There’s a wall covered with thank you cards in the neonatal ward of the Aberdeen Maternity Hospital.
And parents of poorly newborn babies have written heartfelt messages inside the cards showing their appreciation for the staff who cared for their children in the unit.
Four nurses working in the ward have taken time out of their busy lives to give Evening Express readers an insight into the work carried out in the ward.
There are around 100 working in the north-east who have the difficult job of not only caring for premature and ill babies but supporting anxious parents.
The unit deals with newborns who need special care as well as tiny babies who are described as being “high dependency” patients.
There are different rooms with different functions, with a dedicated quiet room on site as well as a feeding room and a training room with a dummy.
Sitting in the quiet room in the packed unit, nurses Shereena Steel, 26, Kelly Beattie, 40, Kirsty Mearns, 27, and Susan Crabb, 59, admit the stress of the job can be overbearing at times and that the support of colleagues is crucial to seeing through a shift.
And it is clear they have become one big family, and like every family, lean on each other to get through the most difficult days.
Kirsty, from Bucksburn, said the unit could be very busy but the team are prepared for every eventuality.
They come up with care plans for each child, administer medicines, make sure the units are clean and carry out training.
Kirsty said: “At the beginning of a shift we always look through our charts and check what needs done for the day and put a plan in place.
“There can always be something unexpected that puts that plan upside down but we have a very good team here.
“We work well together and are good at motivating each other. We also try to have a laugh with each other.
“We can always ask senior members of staff for any help. You can always go to someone and count on their experience.”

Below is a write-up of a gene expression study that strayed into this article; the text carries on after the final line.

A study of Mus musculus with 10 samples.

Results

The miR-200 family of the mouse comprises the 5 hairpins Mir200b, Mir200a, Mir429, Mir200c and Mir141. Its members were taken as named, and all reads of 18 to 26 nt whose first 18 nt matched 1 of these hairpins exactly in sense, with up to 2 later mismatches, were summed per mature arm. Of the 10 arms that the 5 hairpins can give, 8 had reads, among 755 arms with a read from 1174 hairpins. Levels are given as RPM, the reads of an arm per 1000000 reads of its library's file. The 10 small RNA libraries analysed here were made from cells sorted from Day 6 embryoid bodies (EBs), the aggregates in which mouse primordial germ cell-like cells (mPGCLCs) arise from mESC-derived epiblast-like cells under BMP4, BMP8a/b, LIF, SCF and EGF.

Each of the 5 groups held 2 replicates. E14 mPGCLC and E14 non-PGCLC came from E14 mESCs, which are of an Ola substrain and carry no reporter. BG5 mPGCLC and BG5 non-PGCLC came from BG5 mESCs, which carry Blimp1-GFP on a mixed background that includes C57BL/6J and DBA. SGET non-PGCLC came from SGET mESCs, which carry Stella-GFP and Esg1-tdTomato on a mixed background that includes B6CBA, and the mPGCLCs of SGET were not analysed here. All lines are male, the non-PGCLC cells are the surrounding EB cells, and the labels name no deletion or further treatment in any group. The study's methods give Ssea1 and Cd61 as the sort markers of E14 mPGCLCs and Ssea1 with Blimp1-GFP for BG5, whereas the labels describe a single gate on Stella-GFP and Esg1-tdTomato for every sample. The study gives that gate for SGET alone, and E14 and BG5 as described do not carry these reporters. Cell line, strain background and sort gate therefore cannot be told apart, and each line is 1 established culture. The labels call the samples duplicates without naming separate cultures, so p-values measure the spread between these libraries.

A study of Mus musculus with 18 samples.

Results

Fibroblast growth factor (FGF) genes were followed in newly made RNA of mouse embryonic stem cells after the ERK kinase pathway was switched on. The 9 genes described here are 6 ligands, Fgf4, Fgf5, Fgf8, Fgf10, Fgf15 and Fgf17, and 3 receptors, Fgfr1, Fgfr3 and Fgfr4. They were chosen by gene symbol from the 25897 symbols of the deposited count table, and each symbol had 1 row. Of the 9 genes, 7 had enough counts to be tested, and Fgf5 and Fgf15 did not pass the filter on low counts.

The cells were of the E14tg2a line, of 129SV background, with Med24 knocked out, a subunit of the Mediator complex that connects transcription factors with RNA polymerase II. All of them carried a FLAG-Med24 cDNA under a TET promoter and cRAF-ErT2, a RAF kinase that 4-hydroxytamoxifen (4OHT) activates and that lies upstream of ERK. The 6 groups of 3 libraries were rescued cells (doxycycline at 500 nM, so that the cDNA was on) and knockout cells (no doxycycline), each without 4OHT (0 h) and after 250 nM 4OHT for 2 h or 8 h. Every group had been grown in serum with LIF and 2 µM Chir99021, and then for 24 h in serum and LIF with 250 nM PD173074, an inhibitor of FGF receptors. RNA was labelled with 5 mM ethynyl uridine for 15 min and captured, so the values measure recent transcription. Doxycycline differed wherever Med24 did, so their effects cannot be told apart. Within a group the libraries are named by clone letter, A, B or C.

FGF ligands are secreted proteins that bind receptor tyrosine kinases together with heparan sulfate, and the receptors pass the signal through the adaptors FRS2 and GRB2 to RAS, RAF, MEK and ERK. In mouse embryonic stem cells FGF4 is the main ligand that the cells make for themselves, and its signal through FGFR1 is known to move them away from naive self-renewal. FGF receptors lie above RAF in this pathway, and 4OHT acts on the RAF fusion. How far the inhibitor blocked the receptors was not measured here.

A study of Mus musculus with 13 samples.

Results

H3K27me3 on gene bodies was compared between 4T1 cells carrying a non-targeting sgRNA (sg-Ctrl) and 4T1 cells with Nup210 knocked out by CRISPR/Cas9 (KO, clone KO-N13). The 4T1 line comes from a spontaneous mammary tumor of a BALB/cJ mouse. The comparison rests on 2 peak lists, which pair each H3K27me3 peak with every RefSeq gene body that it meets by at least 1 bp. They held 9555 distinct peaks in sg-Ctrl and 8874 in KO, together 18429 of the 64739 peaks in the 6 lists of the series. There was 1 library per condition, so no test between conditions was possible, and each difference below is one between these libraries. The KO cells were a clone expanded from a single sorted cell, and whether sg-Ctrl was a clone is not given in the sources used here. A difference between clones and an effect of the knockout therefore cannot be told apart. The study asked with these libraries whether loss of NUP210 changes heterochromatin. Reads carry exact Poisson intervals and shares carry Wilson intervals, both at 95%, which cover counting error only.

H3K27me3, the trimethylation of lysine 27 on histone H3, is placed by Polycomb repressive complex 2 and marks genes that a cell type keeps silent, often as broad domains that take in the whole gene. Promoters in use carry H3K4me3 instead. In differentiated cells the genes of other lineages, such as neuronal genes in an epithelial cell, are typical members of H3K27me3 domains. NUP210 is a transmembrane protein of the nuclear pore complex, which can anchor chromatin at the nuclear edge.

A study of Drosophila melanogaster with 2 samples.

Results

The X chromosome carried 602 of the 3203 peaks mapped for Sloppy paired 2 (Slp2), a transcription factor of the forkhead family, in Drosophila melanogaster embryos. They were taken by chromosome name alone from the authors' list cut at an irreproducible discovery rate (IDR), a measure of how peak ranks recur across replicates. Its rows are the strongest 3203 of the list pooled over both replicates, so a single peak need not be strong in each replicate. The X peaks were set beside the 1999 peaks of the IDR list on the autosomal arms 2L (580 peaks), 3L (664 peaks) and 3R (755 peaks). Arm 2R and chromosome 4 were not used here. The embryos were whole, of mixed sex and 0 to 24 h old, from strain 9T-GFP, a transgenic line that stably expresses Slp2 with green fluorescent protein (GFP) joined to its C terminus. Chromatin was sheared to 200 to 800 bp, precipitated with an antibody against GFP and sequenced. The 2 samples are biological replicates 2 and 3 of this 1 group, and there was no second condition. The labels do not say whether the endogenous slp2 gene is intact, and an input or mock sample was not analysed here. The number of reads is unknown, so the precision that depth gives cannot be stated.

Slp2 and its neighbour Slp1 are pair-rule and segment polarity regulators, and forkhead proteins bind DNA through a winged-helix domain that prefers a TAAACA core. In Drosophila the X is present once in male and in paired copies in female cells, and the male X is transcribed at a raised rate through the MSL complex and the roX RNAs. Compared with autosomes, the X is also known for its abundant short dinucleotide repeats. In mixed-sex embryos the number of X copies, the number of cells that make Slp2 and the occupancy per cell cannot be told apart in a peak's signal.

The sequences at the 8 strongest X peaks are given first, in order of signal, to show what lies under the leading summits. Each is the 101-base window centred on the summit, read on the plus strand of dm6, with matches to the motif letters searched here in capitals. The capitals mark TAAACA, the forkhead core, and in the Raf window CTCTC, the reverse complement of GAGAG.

And Shereena, from Kincorth, said one of her favourite parts of the job was the reward of seeing babies being well enough to leave hospital.
“We look after them for sometimes months on end and we get to see the light at the end of the tunnel when they get to go home,” she said.
“Seeing a baby who was at one point quite poorly being able to go home is amazing – and knowing that you have made a difference.”
Generations of families have used the facilities at Aberdeen Maternity Hospital since its current site opened in 1988.
Susan says she is still in touch with parents from nearly 25 years ago.
For the last 17 months, staff have been able to provide parents who need extra care with video updates, as the hospital was the first in the north of Scotland to introduce vCreate.
It allows nurses to capture a baby’s first moments through video updates and send them securely to the parents on their own devices.
Once the video clip has been sent, they can access videos of their child at any time.
The videos that staff in the unit make form part of a baby care diary that can be downloaded once their child has been discharged.
However, the unit at the hospital will be replaced when the £200 million Baird Family Hospital is constructed in the coming years.
Space at the current unit is a major challenge for the nurses, as there can be as many as six incubators in a room.
Kelly, a nursery nurse, said: “It can be quite stressful in somewhere like intensive care when you have a lot of people around you.
“There is a lot of equipment plus the incubator and it can be stressful for the nurse to try to get around to giving the baby medicine.
“More space in the new hospital will be a good thing.”
Staff at the unit were shortlisted for a prestigious accolade for its family integrated care project.
The initiative, launched last year, was in the running in the RCNi Nurse Awards in the Child Health Award category.
They did not win, but the project encouraged parents and staff to work together to make sure their baby has the best start in life.
It was to change the culture of parents not being fully involved with the specialist care of newborn babies in the unit.
The drive led to improved facilities for families, including colostrum kits given out to mums in labour and increased skin-to-skin contact between parents and babies.
The model of integrated family care has achieved such good results, the length of stays in the ward has decreased and other hospitals in the UK and across the world have shown interest.